Campylobacter Jejuni



Campylobacter jejuni is a gram-negative curved motile rod. It is a microaerophilic organism, which means it has a requirement for reduced levels of oxygen. It is relatively fragile. Because of its microaerophiliac characterisitcs, the organism requires 3 to 5% oxygen and 2 to 10% carbon diozide for optimal growth conditions. This bacterium is now recognized as an important enteric pathogen. It was previously believed to be primarily an animal pathogen causing abortion and enteritis in sheep and cattle until methods were developed for its isolation in 1972.  It is now recognized to be the leading cause of bacterial diarrhoeal illness in the US.  C. jejuni is not carried by healthy adults but is found in healthy cattle, chickens, birds, and even flies. It is sometimes present in non-chlorinated water sources such as streams and ponds.




C. jejuni causes diarrhoea, cramps, nauea, headache, and fever. The diarrhoea may be watery or sticky and occult blood may be present. The illness usually occurs 2-5 days after ingestion of contaminated food or water. The illness generally lasts 7-10 days but relapses may occur in about 25% of cases. Most infections are self-limiting and do not require treatment with antibiotics. However, treatment with erthryomycin does reduce the length of excretion. The infective dose of C. jejuni is small. 400-500 bacteria may cause illness in some individuals. The pathogenic mechanisms are not fully understood and it does produce a heat-labile toxin that may cause diarrhoea.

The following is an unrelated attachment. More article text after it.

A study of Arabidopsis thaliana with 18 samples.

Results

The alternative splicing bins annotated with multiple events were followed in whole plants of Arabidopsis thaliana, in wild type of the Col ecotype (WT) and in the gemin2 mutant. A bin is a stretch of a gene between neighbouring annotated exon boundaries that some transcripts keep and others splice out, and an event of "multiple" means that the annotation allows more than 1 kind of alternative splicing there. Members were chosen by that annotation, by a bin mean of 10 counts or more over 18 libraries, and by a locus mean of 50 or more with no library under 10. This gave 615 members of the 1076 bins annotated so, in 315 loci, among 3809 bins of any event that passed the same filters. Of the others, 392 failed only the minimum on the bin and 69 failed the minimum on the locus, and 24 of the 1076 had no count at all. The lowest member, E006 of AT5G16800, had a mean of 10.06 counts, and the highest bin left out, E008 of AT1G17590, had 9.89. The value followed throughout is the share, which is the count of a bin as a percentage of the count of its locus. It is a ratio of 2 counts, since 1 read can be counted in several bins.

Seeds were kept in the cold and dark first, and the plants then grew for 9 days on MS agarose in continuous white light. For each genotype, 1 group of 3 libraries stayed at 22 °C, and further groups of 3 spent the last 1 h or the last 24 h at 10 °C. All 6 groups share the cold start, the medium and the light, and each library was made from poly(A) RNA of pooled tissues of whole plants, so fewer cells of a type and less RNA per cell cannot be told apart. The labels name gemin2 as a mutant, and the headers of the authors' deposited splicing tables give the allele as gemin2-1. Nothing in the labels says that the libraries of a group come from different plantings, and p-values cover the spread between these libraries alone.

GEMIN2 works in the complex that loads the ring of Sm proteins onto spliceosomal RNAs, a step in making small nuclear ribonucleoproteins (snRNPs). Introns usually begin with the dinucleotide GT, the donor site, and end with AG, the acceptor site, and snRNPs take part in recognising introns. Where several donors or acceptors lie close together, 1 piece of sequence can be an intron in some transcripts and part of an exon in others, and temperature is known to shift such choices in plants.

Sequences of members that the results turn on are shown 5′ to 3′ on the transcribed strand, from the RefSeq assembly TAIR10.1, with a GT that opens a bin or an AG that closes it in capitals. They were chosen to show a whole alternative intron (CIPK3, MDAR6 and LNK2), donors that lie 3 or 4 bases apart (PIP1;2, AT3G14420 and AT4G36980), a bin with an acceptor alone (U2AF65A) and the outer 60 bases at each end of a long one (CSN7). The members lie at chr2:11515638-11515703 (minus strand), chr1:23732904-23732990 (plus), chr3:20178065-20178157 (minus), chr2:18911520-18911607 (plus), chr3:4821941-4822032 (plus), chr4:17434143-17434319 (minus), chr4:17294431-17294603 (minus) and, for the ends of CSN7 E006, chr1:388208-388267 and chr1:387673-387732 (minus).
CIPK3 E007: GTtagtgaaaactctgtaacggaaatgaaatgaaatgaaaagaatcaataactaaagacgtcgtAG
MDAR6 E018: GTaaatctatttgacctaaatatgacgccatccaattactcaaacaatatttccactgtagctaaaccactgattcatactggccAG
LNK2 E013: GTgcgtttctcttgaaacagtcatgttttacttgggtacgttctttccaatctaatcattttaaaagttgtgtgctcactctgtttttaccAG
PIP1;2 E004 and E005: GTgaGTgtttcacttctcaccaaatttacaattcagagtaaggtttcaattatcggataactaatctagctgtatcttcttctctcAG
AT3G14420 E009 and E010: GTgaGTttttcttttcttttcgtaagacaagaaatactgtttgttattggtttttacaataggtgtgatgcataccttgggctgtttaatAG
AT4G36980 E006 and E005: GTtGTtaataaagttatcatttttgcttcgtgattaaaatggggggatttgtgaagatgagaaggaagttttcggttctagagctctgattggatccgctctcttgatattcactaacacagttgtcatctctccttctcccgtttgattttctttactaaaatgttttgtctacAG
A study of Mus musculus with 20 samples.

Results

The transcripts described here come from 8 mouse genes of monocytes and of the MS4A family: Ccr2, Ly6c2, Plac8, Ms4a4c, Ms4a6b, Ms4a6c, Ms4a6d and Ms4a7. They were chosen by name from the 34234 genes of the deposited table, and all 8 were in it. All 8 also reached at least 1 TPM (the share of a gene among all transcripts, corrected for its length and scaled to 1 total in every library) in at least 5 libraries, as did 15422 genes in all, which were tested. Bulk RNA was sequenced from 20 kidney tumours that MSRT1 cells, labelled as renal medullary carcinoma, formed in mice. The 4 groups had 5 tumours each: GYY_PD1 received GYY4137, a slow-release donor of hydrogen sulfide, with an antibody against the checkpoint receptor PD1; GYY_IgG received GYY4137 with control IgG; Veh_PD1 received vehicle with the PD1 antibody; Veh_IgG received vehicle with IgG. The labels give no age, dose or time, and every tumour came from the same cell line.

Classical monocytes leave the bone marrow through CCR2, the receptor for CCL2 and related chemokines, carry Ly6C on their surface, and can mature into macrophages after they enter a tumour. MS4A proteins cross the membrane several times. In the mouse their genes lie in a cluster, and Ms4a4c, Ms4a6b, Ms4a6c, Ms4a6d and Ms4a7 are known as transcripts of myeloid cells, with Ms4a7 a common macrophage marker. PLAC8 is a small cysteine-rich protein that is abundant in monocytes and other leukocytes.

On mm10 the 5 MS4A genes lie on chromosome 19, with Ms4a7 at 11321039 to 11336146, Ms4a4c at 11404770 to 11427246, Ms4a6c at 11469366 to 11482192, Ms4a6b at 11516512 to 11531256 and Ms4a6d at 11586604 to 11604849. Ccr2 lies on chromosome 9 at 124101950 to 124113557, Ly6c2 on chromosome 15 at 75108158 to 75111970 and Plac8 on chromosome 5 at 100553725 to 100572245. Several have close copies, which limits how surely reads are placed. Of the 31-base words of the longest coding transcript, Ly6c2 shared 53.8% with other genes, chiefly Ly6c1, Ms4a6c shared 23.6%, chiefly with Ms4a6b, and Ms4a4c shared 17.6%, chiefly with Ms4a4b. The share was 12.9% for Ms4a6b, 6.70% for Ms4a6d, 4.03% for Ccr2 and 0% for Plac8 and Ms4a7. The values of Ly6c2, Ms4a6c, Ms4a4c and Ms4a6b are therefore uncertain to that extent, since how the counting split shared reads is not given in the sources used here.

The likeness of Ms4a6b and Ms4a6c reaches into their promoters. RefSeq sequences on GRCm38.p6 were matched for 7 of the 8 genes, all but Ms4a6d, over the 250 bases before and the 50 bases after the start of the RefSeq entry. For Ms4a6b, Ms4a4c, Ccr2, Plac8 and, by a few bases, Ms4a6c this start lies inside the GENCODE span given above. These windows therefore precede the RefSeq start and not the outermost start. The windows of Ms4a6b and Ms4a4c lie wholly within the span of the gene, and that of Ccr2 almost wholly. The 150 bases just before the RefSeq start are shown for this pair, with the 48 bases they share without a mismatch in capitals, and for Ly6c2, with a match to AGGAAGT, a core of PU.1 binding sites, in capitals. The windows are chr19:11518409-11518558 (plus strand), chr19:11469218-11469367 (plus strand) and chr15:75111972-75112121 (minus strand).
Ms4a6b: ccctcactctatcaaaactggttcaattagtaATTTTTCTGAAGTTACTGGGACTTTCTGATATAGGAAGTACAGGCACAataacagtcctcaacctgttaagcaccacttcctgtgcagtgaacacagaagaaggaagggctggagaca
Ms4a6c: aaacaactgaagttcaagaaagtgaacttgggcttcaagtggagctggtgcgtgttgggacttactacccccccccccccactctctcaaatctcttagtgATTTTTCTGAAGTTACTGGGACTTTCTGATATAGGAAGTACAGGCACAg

C. jejuni frequently contaminates raw chicken. Surveys show that 20 to 100% of retail chickens are contaminated. This is not surprising since many healthy chickens carry these bacteria in their GI tract. Raw milk is also a source of infection. The bacteria are often carried by healthy cattle and by flies on the farms. Children under 5 and young adults are more frequently afflicted than other age groups.



Laboratory diagnosis


Isolation of C. jejuni from food is difficult because the bacteria are usually present in very low numbers. A microaerophiliac atmosphere is required with antibiotic-containing selective media.